How to Get Book Reviews
To find even more reviewers, you can put your reporter’s hat on and ask—tactfully—for what you need.
Make the point that a review is a gift to you, a gift that authors treasure above all others—whether it comes from a reviewer or a reader.
Try some of these possibilities:
• Ask fellow attendees at writers’ conferences.
• Ask directors of writers’ conferences if they offer a review exchange or have other suggestions for you.
• Ask writing instructors if they have a list of reviewers or know where you can find one.
When you’re on the Web, look at the resource pages of the Web sites owned by how-to authors of books for writers and of online book review sites.
Think about classes you have taken.
The instructors may have a policy against reviewing students’ work, but your fellow students may review yours. (I hope you would try to do the same for them!)
• Ask members of your critique group.
• Ask members of the organizations you belong to. Writing organizations come to mind, but members of other organizations may be even more open to your suggestion. It may be something they’ve never done, may never have thought about doing, and they may find it is lots of fun.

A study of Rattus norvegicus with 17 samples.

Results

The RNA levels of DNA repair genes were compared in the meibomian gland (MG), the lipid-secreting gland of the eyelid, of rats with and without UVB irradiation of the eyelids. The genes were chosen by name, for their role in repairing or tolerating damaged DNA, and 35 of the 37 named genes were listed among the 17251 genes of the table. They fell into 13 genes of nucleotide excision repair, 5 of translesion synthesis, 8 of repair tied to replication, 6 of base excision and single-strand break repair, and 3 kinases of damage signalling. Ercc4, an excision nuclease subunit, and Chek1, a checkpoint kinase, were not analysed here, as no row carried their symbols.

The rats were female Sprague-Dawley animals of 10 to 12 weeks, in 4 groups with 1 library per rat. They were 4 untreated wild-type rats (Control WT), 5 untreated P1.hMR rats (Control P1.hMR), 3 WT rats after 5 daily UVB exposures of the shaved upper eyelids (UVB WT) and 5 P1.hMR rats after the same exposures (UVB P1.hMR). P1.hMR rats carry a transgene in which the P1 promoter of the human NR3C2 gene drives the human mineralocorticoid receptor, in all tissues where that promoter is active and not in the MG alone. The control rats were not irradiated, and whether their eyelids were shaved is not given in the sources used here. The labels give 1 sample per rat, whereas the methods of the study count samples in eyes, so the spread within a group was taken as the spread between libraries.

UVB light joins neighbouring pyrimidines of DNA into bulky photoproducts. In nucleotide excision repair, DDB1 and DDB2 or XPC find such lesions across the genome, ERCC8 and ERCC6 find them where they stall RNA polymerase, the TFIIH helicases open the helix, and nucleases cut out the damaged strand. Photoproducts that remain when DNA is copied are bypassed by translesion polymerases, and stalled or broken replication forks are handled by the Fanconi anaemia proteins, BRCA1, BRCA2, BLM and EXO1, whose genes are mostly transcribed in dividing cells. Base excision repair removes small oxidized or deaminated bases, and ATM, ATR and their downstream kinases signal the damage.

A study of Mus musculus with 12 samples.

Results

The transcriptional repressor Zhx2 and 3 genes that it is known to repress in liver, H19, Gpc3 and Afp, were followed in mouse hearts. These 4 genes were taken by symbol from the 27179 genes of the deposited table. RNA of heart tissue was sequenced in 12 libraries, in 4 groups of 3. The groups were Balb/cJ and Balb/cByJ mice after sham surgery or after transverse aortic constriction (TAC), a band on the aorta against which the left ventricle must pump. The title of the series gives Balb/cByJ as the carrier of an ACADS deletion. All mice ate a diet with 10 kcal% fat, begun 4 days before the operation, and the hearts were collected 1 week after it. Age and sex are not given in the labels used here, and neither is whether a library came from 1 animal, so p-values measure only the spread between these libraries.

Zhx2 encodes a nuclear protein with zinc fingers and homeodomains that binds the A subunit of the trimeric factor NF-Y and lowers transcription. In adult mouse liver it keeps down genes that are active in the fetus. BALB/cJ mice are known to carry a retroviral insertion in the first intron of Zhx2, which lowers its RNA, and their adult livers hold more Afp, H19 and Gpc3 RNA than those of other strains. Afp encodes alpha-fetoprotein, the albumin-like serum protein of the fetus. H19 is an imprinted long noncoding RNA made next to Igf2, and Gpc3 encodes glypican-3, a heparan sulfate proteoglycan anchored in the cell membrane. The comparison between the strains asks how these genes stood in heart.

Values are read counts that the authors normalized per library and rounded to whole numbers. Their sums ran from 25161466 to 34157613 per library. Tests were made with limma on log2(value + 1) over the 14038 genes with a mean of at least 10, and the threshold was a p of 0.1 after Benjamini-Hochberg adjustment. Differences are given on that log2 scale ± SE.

When you read, make a note of reviews and the names of those who wrote them that you find in some issues of magazines like Time and newspapers around the world and add them to your reviewer contact list.
Next time you need reviews this list will make the task even easier. .
This little how-to was extracted from How to Get Great Book Reviews Frugally and Ethically: The ins and outs of using free reviews to build and sustain a writing career (http://bit.ly/GreatBkReviews) third in the multi award-winning HowToDoItFrugally Series of books for writers by Carolyn Howard-Johnson.
Learn more about Carolyn and visit her free Writers’ Resources pages at http://howtodoitfrugally.com.
It’s also easy to use her review blog. Just follow the submission guidelines in the left column at http://TheNewBookReview.blogspot.com.